Answering the Hard Questions
Last updated: September 2022
As Margo has grown and become more aware that her cystic fibrosis (CF) is something that makes her different, she has started asking more difficult questions. Some of these questions are driven by curiosity, while others are like a gut punch. I struggle so much with the harder questions because I don’t have answers for her, or the answers I do have are simply not fair.
Here are a few examples of some of the trickier questions or statements I’ve heard in recent months. (Please note that these questions come from a 5-year-old’s view of the world, so aren’t 100% correct.)
“My friend used to have asthma but doesn’t anymore! When will my cystic fibrosis go away?”
This was one of the first times we had to explain to Margo that CF is a disease that doesn’t go away and that at this point in her life, there is no cure. This was really hard. She seemed so genuinely excited to see that her friend no longer had asthma (clarification: he no longer needed his inhaler in the summer months as he rarely experienced asmatic exacerbations), so she genuinely thought it would be the same for her.
We took time to connect this conversation to a wider conversation about all the hard work we put into fundraising for Margo on the Move, and how that money we raise will hopefully connect us to a cure. I’m sure some of this might be difficult to understand but I hope through continuous conversations with her, she might begin to feel hopeful that we are actually doing something to find a cure.
“Why do I have to take all these medicines and you don’t?”
This was an easier one to answer because she’s incorrect- I do take medicine everyday. Because I have congenital hypothyroidism, I’ve taken medicine every day since I was two weeks old. When she said this, I took her and showed her my pills and pill box. I explained what they were for and what would happen if I didn’t take them. Granted, Margo takes a significant amount of pills every day just to keep herself healthy. There is a huge difference and I made sure to recognize that.
But I wanted to normalize taking medicine to keep ourselves healthy. I pointed out that Daddy takes a multivitamin every day, and eventually her little sister will as well. Her grandfather has diabetes and has to take insulin every day—this one was eye-opening for her.
“Can I die from cystic fibrosis?”
Talk about a gut punch. No parent wants to think about this and I’m sure anyone would find it as difficult to answer as I did. However, data was on my side. With the incredible advances in medicine and treatment, the life expectancy of someone with CF will only continue to rise over Margo's lifetime. I felt like this was a little bit more information than necessary to tell her, so I told her the truth: yes. You can. But in order for that to happen, your health would have to decline rapidly.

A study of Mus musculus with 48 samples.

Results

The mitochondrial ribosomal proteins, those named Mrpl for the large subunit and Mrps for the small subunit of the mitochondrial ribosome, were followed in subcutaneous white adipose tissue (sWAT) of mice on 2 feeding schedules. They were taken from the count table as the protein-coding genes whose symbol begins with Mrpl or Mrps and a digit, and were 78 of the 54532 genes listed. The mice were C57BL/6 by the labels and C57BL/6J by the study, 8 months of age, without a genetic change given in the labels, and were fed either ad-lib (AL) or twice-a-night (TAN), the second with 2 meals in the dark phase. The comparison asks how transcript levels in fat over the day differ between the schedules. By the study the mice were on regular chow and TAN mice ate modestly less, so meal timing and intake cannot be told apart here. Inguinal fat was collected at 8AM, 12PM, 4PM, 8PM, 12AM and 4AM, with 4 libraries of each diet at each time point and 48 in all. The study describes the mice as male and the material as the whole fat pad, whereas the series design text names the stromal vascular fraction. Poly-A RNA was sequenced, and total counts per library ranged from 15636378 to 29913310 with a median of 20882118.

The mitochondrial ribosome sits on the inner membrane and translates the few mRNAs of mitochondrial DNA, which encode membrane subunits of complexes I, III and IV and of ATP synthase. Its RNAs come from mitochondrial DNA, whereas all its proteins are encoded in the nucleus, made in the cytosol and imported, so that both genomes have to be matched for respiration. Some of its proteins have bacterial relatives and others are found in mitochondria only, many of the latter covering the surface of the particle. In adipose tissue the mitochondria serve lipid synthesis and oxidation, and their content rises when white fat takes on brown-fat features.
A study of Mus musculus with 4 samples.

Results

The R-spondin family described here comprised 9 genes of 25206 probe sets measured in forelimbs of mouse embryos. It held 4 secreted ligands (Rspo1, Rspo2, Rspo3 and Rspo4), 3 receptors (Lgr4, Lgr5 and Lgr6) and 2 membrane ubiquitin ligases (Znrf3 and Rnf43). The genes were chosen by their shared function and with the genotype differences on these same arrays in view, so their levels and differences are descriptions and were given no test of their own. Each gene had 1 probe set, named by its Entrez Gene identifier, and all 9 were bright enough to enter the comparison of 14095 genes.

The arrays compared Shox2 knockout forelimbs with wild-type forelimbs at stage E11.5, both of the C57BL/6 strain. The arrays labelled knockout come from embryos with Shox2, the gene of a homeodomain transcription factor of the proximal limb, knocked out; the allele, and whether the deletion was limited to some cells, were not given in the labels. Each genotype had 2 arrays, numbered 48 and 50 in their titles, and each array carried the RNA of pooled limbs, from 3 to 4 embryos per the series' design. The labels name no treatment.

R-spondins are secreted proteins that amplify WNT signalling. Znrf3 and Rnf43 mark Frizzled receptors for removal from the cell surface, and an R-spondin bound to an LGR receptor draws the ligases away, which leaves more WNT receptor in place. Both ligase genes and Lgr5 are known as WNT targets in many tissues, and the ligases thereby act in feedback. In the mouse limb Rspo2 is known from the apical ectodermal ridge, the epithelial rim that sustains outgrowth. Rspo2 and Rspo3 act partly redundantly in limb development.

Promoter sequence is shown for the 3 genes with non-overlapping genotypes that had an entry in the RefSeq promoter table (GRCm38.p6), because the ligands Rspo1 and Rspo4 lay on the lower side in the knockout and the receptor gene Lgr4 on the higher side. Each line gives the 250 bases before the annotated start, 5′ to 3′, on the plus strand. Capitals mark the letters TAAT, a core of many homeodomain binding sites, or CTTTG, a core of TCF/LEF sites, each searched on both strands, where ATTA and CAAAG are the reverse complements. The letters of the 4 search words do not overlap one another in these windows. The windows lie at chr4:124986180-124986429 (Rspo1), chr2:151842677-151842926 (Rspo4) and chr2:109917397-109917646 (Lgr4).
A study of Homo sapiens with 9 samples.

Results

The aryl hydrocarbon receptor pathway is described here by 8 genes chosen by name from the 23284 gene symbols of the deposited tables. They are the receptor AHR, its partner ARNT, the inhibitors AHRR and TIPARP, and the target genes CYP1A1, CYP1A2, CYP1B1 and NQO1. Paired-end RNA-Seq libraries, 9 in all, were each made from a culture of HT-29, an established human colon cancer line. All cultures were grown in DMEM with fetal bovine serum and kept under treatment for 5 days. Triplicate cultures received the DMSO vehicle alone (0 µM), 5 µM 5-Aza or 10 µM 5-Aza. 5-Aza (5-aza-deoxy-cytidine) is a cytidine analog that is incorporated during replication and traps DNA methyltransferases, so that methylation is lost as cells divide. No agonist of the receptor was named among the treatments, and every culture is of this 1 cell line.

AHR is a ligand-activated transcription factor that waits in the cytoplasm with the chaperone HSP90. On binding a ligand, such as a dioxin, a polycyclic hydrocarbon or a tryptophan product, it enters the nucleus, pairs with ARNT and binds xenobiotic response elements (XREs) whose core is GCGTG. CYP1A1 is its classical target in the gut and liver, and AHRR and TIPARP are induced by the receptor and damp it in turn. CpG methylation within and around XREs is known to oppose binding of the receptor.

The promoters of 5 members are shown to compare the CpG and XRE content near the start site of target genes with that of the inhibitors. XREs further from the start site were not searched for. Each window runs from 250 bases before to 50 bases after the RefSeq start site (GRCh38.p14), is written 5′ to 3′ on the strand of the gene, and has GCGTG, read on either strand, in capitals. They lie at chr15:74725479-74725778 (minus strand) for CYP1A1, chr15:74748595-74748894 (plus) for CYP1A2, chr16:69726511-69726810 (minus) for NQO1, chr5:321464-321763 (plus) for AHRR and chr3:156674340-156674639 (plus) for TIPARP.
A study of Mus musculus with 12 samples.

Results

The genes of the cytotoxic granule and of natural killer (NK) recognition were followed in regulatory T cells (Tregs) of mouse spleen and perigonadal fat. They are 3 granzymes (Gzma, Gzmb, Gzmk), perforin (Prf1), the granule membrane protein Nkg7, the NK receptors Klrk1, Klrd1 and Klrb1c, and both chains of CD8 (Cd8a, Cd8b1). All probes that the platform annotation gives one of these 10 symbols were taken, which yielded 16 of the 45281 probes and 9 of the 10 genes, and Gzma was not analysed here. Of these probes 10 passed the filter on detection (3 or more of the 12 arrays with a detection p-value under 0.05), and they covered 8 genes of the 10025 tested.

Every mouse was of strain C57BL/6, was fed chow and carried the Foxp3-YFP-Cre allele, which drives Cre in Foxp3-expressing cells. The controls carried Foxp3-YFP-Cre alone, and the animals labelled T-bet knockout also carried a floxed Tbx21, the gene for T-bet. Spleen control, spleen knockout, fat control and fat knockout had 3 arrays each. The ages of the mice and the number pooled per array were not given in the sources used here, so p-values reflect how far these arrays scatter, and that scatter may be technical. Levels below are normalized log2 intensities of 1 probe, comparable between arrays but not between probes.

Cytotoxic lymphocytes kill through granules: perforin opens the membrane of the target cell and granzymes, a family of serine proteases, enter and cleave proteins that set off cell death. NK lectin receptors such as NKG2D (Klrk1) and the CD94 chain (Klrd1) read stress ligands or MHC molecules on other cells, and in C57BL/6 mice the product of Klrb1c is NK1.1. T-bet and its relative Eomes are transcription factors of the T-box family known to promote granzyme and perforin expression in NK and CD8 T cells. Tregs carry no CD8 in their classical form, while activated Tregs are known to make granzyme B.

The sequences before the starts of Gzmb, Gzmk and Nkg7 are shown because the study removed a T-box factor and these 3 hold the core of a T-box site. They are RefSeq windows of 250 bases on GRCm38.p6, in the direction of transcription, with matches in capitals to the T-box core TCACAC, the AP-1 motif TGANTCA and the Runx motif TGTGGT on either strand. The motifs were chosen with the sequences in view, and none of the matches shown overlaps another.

I explained how her medicine, treatments, and regular exercise help her grow and be healthy and prevent her from getting sick. This led to a bigger conversation about death and heaven and what we believe, but I tried to take the emphasis away from CF and more on a life and death conversation appropriate for a five year old.
“I hate cystic fibrosis! Why do I have it and no one else does?”
This one I could only hold her close, kiss her head, and agree with her. CF is tough. Being a 5-year-old with CF is hard work. Just to maintain her baseline of health, she has to work so hard. So many pills, so many hours a week attached to her vest and nebulizer. Clinic every three months, which is long and boring and filled with PFTs and throat swabs and annual chest x-rays and blood work. She can’t be around other kids with it so it feels very isolating.
I still don’t have an answer to this. I usually listen and validate and let her feel her big feelings, because I want her to feel safe in telling me this.
Not every moment is hard, though. The pride I feel when I hear her explain to someone that she has cystic fibrosis and has to take pills, or that she’s wearing a mask to protect herself because of it, is immeasurable. She is an extremely self-aware little girl and i know that quality will help her through the difficult times of cystic fibrosis down the road.